February 24, 2010

Crazy Heart

A fine no-frills character study elevated by an excellent performance by Jeff Bridges. Bad Blake was once a successful and popular old-school country-western star, but many years have come and gone. A lifetime of alcoholism and four failed marriages has taken its toll when we meet him. Blake hits the bottom of the barrel around the time he vomits into a barrel behind a bowling alley- in the middle of a song he's supposed to be singing. Maggie Gyllenhaal is a the single mom who is charmed by his "crazy heart" and makes the mistake of falling in love. The plot is simple, the movie itself is laid-back and unpretentious. Bridges is excellent and unafraid to look pitiful- there are plenty of cringing moments, including his drunken attempts at retaining his dignity. The music is good, in fact, if it were better, or more "showy", it would distract. It's simple pleasures are an asset. The third act rehabilitation and pat ending are a little easy, but a movie as modest and honest as this can be forgiven. (Belmont Studio Cinema, with Sarah "Pickles" Hershberger)

February 13, 2010

The Wolfman

What could be more romantic for a Valentine's date night than The Wolfman? My wife and I weren't going to see Garry Marshall's Valentine's Day even before Lisa Schwarzbaum's F for "failing" grade in Entertainment Weekly, or 18% freshness rating from Rotten Tomatoes. We wanted something escapist, entertaining, and predictable. The Wolfman delivered on all three counts. (NOTE: The Wolfman got a B grade from EW and 33% from Rotten Tomatoes. the Stub Hubby gives it a B-minus.

The Wolfman 2010 is a aggresively old-school monster movie. The only concessions to the 21st century are the graphic evisceration of the werewolf's victims (oh, so THAT's what "rip your lungs out" looks like!) and some CGI effects mixed in with Rick Baker's makeup magic. Otherwise, it's all foggy English moors, decrepit estates, kerosene lamps, Indian manservants, and Gypsy travelers camping in the woods.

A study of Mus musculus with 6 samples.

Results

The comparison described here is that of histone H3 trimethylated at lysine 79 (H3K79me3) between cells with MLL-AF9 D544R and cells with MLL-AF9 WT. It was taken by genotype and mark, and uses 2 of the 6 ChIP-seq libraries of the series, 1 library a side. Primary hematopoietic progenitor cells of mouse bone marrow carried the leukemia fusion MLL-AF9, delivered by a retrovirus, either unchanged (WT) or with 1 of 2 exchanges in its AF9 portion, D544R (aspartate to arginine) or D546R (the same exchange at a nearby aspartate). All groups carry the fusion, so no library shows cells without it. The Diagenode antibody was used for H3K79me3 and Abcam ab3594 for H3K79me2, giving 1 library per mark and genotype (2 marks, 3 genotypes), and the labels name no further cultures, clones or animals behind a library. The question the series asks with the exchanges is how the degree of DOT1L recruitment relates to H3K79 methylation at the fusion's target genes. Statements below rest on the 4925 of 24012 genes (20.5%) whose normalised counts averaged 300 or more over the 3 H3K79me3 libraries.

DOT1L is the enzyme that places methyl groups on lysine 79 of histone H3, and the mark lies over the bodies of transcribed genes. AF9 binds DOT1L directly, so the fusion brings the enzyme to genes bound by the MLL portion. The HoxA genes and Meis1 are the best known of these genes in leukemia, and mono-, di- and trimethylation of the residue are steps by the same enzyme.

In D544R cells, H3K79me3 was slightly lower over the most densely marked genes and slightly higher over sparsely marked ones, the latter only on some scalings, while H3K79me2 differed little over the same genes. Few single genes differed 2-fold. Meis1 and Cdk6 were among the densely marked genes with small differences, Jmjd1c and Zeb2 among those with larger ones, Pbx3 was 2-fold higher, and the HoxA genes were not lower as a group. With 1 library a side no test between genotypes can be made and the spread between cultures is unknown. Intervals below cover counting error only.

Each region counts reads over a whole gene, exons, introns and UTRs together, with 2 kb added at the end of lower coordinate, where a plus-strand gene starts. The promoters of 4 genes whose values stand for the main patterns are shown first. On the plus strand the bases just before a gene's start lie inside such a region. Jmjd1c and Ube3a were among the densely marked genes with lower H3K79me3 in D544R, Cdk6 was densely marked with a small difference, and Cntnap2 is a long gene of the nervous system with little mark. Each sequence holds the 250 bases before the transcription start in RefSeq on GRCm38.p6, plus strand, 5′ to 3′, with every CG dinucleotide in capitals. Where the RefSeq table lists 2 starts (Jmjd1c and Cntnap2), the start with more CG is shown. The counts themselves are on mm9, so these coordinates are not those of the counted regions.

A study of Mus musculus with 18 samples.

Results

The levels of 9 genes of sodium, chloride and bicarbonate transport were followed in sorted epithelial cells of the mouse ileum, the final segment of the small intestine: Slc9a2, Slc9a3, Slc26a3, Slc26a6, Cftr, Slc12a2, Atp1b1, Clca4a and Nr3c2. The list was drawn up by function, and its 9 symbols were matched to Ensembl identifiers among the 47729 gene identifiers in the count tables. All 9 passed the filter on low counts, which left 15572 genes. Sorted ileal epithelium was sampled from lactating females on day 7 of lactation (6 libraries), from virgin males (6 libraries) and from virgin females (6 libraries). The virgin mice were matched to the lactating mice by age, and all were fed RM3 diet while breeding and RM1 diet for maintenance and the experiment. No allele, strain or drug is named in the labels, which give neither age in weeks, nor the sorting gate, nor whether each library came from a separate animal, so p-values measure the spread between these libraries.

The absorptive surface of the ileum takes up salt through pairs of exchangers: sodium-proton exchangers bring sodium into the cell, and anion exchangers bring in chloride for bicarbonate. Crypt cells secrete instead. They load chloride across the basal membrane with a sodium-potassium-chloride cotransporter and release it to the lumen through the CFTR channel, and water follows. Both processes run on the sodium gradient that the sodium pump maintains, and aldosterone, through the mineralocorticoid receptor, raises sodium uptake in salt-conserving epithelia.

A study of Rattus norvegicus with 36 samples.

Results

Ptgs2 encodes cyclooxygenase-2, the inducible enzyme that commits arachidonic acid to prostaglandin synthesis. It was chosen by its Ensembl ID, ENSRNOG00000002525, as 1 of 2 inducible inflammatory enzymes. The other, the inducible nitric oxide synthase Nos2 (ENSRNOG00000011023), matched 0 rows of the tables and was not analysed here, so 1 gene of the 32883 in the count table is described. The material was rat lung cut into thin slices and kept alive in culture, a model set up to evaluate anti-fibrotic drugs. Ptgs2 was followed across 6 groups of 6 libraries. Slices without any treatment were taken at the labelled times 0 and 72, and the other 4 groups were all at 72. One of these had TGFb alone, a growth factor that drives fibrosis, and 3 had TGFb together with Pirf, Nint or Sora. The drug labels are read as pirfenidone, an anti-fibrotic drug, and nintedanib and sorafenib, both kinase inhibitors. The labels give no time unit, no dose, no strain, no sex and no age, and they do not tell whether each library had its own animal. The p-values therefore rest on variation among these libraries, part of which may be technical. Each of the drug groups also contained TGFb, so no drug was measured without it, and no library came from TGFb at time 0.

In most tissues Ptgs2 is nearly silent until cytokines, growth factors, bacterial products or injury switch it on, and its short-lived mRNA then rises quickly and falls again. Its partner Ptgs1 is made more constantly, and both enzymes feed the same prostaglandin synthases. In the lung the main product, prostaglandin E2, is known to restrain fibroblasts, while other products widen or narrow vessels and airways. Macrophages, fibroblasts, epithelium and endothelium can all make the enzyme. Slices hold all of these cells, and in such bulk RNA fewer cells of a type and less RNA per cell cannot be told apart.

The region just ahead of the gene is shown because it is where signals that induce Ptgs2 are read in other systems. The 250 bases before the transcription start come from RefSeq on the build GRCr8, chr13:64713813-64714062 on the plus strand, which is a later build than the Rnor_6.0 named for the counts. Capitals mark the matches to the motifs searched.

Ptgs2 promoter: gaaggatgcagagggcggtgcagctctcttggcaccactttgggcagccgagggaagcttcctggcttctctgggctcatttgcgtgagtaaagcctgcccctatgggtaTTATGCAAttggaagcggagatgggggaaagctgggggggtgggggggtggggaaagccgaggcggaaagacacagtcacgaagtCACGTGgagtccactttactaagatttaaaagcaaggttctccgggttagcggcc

Benicio Del Toro, the swarthiest Oscar winner ever, is a peripatetic stage actor who returns to the aforementioned foggy English mansion/homestead when his brother is eaten by the Wolf. In residence amongst the kerosene lamps, playing his grand piano and reading his lines off cue cards, is a classically English Oscar winner who can be hired for ANY movie, Anthony Hopkins. Hopkins is Del Toro's father, reprising his Van Helsing role with less scenery chewing than I would have expected (and hoped for!) Hugo Weaving is fantastic as a sharp Scotland Yard detective who's willing to believe anything. The special effects vary wildly in quality from neat CGI effects to "a guy in a wolf suit" practical effects. I was surprised to discover the boring, indifferent score was by Danny Elfman? It didn't seem like his work at all.

There's no new ground broken here, and no surprises at all, but the drama and thrills are satisfying, if familiar.